The GTA Trilogy remaster’s goofy art style is good, actually


Rich Stanton, News Editor: What blew me away was the simple trick of transitioning from the ‘old’ scenes into the new, which really emphasised how much brighter and cleaner those environments look. Like many people, I imagine, I haven’t played these games in well over a decade so my memories of them are always ‘better’ than how the things actually looked at the time, and seeing this was like Rockstar had reached into my brain, fetched out the nostalgia goggles, and somehow made it into a game. I honestly wasn’t that excited about the GTA Trilogy, but all of a sudden I just can’t wait to get back to the gorgeous, pastel-soaked Vice City, stick some Duran Duran on, and burn rubber.

Nat Clayton, News Writer: It’s a really weird aesthetic! GTA 3 through San Andreas came out at a time where you couldn’t really pull off the grounded, gritty look of 4 and 5, and so get around it by heightening their look and tone. This remaster attempts to retroactively declare that a deliberate stylistic choice, and what you end up with is this uncannily shiny lo-fi look. The kind of thing you’d see on a ’90s mag or some sort of spoofed game showing up in the background of CSI.

That said, my experience with the early GTAs is playing them in the cramped bedroom of my brother’s best mate, putting up with his mean-spirited jokes because your parents wouldn’t buy you 18-rated games. Can a remaster capture that energy? Would it even want to?

An aerial view of GTA Vice City.

(Image credit: Rockstar North)

Evan Lahti, Global EIC: As someone who read a lot of those ’90s mags Nat, I find it nostalgic and fun. It’s an aesthetic that centers more on how these games actually looked, rather than how we think we remember them. The look preserves the literal shape of the games and their characters, how absurd and hammy these performances are, the PlayStation 2’s jagged models.

It was unrealistic to expect these remasters to reverse-inherit the fidelity and style of modern GTAs—that would be asking Rockstar to make three massive games roughly from scratch.

Phil Savage, UK Editor-in-Chief: My first reaction was “Huh!”, followed closely by “Err?” and finally settling on “Hmm?!”. In short, I don’t know where I land on this, and probably won’t until I’m playing it. The environments and lighting look great, and would clash heavily with the early, low-poly character models of the original. Rockstar had to do something, and, as Evan rightly points out, achieving the look of the modern games was never going to happen.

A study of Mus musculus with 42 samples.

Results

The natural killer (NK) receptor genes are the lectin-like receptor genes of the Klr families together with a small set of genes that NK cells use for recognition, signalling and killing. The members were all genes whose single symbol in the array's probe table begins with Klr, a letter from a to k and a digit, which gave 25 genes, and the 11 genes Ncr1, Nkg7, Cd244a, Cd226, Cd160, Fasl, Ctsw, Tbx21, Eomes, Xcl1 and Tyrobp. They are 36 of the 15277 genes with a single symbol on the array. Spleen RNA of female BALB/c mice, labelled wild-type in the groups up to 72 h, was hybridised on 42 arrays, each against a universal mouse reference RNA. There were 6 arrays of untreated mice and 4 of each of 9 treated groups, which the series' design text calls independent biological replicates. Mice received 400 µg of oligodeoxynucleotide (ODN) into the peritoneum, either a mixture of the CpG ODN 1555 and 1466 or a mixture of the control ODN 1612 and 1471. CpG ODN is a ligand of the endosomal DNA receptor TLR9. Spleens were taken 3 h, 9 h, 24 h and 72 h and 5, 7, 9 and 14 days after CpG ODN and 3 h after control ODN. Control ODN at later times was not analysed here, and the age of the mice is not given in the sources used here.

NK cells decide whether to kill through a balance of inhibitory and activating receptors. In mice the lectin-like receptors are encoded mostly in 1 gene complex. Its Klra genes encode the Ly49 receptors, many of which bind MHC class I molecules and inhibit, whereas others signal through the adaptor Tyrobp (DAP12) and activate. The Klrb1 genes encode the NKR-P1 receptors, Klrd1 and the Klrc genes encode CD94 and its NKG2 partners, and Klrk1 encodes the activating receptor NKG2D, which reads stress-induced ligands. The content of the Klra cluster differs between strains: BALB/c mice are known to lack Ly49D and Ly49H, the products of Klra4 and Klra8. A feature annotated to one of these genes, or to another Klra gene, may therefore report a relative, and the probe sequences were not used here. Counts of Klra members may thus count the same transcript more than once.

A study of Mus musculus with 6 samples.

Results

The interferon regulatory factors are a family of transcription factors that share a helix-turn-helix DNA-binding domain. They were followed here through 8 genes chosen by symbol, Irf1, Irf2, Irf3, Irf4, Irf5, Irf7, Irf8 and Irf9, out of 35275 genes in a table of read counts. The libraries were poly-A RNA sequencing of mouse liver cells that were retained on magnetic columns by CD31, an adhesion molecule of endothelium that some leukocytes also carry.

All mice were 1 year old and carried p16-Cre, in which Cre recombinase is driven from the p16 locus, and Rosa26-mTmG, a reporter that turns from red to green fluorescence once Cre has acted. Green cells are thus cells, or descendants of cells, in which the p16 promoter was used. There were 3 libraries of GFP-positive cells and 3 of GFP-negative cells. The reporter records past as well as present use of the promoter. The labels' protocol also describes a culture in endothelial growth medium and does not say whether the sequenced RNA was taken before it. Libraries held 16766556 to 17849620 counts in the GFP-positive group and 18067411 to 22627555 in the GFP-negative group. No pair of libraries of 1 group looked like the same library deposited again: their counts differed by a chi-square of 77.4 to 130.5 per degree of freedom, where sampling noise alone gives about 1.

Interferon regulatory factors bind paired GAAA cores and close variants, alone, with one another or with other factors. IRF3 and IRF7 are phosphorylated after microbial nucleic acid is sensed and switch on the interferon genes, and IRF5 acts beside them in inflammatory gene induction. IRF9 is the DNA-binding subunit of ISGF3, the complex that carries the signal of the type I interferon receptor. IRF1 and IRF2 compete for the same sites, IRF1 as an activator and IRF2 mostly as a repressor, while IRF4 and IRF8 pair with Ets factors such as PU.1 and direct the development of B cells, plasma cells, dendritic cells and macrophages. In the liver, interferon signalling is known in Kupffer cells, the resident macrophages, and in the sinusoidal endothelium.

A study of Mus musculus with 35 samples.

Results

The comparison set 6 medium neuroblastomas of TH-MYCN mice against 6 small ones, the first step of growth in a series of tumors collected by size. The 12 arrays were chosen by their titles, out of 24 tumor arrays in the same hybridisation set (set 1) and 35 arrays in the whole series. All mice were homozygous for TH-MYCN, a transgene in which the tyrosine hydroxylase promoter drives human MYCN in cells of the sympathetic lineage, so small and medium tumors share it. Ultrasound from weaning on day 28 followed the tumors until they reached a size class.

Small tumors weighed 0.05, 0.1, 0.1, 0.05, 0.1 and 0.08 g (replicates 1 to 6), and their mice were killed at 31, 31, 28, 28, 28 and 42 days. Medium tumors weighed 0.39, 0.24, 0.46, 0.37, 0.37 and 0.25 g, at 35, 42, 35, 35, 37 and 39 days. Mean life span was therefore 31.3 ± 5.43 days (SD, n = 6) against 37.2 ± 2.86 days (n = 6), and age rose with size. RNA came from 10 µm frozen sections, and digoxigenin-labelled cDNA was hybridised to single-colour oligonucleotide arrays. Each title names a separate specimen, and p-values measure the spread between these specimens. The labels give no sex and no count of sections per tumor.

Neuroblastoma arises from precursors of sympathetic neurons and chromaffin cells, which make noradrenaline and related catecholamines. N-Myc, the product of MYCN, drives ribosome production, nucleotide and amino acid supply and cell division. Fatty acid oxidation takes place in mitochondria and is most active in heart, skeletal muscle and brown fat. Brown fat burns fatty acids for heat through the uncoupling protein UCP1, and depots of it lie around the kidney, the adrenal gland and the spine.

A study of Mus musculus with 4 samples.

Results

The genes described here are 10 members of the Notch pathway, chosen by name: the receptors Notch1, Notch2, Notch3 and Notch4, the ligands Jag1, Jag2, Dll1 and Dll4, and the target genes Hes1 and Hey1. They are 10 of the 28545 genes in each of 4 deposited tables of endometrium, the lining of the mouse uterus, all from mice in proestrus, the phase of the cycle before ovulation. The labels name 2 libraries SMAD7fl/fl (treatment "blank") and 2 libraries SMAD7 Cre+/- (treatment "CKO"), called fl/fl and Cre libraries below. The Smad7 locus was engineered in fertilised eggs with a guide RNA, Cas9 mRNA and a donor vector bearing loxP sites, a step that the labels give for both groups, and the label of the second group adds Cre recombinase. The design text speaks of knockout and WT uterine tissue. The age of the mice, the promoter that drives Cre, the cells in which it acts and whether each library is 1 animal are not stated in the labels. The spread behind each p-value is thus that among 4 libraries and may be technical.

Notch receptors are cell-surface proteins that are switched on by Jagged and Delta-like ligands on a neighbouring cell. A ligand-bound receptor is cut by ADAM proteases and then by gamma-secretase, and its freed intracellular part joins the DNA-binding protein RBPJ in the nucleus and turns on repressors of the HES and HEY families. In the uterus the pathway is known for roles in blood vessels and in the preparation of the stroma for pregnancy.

Perhaps part of my reaction is down to the fact that I still like the look of those old GTAs. As a PC player, they’re not some relic of the ancient past—inaccessible unless I rescue a dusty old console from the attic. They’re there, in my Steam account, ready to be played whenever I like. History is inescapable on PC: it’s as easy for me to replay Deus Ex or Doom II or Planescape as it is to play something new like Far Cry 6. Untethered from the expectation of new and better looking, I’ve got no problem with the aesthetic of certain eras.

The reason I don’t replay the old GTAs is because the control schemes are clunky, and the controller support is bad. These Definitive Editions could have modernised all that and left the look as was, and I’d have been perfectly happy. They never would—that’s not how you do a remaster—but it’s why I’m left unsure about the new style.

A panoramic view of GTA San Andreas.

(Image credit: Rockstar North)

Robin Valentine, Print Editor: I think I like it? It’s definitely a bold choice, and that alone is appealing – I’m really pretty sick of by-the-numbers remasters that often create a messy look by combining bland, high-res textures with environments and animations too old to gel with them. Reimagining the old look into a new form that fits together harmoniously is a cool move, and I think it also maintains a nice separation between this era of GTA and the more modern installments. If anything I think they could have gone further—things like the spiky anime hair gesture towards an even more exaggerated style that they haven’t quite committed to.

Steven Messner, Senior Editor: It honestly reminds me of something you’d see in Dreams, that PS4 game engine by Media Molecule. There’s something about the character models—especially the protagonist from GTA 3—that gives me this “carved out of clay” vibe I can’t wrap my head around. But I also think I like it a lot too, it’s just so different? 

Chris Livingston, Features Producer: I’m glad they didn’t try to cram a bunch of extremely realistic models or effects in there. That’s always weird, like when a Pixar film has super cartoony characters with bizarrely realistic hair. Like, why? Why make that one aspect look real among the rest of it? It’s jarring. It looks like Rockstar has done a good job of both preserving and updating the classics without anything looking really out of place. But on the other hand, considering it’s not a massive upgrade or transformation, I sort of think the originals are fine as-is, too. I think if I ever want to replay them, the original versions will be just fine with me.